Should you watch this at weekday movie ticket prices? Okay.
Should you watch this at weekend movie ticket prices? No.
Secret ending? No.
Running time: 112 minutes (~1.75 hours)
“Mon Mon Mon Monsters (報告老師! 怪怪怪怪物!)” is a Taiwanese horror-comedy in Mandarin.
The film follows a group of bullies and their victim who manage to stumble upon and capture a monster. However, their imprisonment of the monster soon reveals the darker aspects of human nature.
“Mon Mon Mon Monsters (報告老師！怪怪怪怪物！)” is directed and written by Giddens Ko. It stars Deng Yu-kai (Lin Shu-wei), Kent Tsai (Duan Ren-hao), James Lai Jun-cheng (Liao Guo-feng), Tao Bo-meng (Yeh Wei-zhu), Bonnie Liang Ru-xuan (Wu Si-hua), Carolyn Chen (Ms Li), Lin Pei-hsin (Child monster) and Eugenie Liu (Adult monster). It is rated NC-16.
“Mon Mon Mon Monsters (報告老師！怪怪怪怪物！)” is one of those films that straddles the line between arthouse and mainstream cinema. Fortunately, it manages to combine the best aspects of both to deliver an unorthodox but entertaining movie that manages to melt diverse genres quite well. Thankfully, since “Mon Mon Mon Monsters (報告老師！怪怪怪怪物！)” was shot in Mandarin, we can listen to it in its original language rather than a painfully dubbed version of the film.
Good performance by Deng Yu-kai
Newcomer Deng Yu-kai delivers a strong portrayal of the conflicted Lin Shu-wei, accurately conveying his feelings of helplessness when bullied and convincingly showing how his character changes as a result of the company he keeps. Oddly, the pitch of his voice is inconsistent from scene to scene. Nevertheless, we can empathise with Shu-wei and understand the choices that he makes, as unexpected as they may be.
Strong themes of humanity
“Mon Mon Mon Monsters (報告老師！怪怪怪怪物！)” is clearly influenced by “Lord of the Flies”. It portrays the innocence of youth as the default state of humanity, but also shows how people will behave when left to their own devices.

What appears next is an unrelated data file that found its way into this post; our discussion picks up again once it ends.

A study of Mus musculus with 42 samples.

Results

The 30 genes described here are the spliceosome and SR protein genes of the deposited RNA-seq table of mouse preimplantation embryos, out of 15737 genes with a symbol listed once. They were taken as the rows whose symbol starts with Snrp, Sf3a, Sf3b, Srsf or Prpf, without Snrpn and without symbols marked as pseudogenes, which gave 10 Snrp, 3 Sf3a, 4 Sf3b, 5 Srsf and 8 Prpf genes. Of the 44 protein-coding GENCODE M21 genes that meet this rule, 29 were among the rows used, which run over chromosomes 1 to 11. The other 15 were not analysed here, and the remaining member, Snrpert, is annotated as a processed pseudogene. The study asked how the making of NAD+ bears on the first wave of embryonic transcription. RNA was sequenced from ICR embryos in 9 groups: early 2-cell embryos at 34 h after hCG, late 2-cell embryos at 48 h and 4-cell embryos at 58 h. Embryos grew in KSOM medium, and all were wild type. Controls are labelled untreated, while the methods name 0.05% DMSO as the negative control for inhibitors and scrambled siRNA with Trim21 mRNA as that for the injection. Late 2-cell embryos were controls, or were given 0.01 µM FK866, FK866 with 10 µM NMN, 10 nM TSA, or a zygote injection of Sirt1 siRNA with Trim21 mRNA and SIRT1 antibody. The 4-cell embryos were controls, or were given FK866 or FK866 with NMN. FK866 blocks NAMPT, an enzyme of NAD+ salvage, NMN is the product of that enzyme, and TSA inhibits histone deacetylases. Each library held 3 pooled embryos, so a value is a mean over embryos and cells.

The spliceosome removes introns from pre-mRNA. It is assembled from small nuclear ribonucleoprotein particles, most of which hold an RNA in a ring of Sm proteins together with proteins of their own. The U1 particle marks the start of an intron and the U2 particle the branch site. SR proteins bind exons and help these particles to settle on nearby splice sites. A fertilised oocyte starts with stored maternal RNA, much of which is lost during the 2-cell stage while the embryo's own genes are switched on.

The teenagers are neatly juxtaposed against the two monsters and their actions, and this contrast is what reminds us of what it means (or doesn’t mean) to be human. And of course, the full spectrum of morality is on display throughout the course of the film, giving us a chronological progression how one can move from one end to the other.
Highly stylised treatment
“Mon Mon Mon Monsters (報告老師！怪怪怪怪物！)” avoids the awkwardness of arthouse film angles but still manages to deliver distinct visuals that are markedly different from other commercial fare.
The dark humour and montages are also evident of the movie’s aversion towards mainstream cinematic devices. However, it works well by creating memorable visuals that go hand-in-hand with the darker themes of the story.
Impactful and thought-provoking
While you may judge the characters for making questionable choices (imprisonment of another sentient being), you also sympathise with their fears. You can’t help but leave the cinema wondering if there could have been any other way this would have played out for the characters.
“Mon Mon Mon Monsters (報告老師！怪怪怪怪物！)” falls flat when it comes to the antagonist. Beyond a cursory scene and some very clunky exposition to explain where the antagonist is coming from, there’s not much else that defines the character.
It’s the same note and same beat in every scene, and you can already tell who will provide the conflict for the main character from the beginning of the film.
Fairly predictable plot
You can see where the film is going halfway through Act One, thanks in part to the obvious antagonist. There are only so many possible resolutions for the film’s plot, and the treatment and style already rule out several of those endings.
That’s not to say that it’s a poor resolution, just that it lacks any mystery of how the film will end. However, it’s the journey there that really matters.
“Mon Mon Mon Monsters (報告老師！怪怪怪怪物！)” shows us the true meaning of innocence and humanity in an impressively stylised fashion. While it holds little surprises in terms of story, it’s buoyed by an engaging performance from its lead and strong messages that will leave it lingering in your subconscious long after you’ve left the cinema.
“Mon Mon Mon Monsters (報告老師！怪怪怪怪物！)” opens in cinemas:
– 28 July, 2017 (Singapore)
Marcus Goh is a Singapore television scriptwriter, having written for “Police & Thief”, “Incredible Tales”, “Crimewatch”, and “Point of Entry”. He’s also a Transformers enthusiast and avid pop culture scholar. You can find him on social media as Optimarcus and on his site. The views expressed are his own.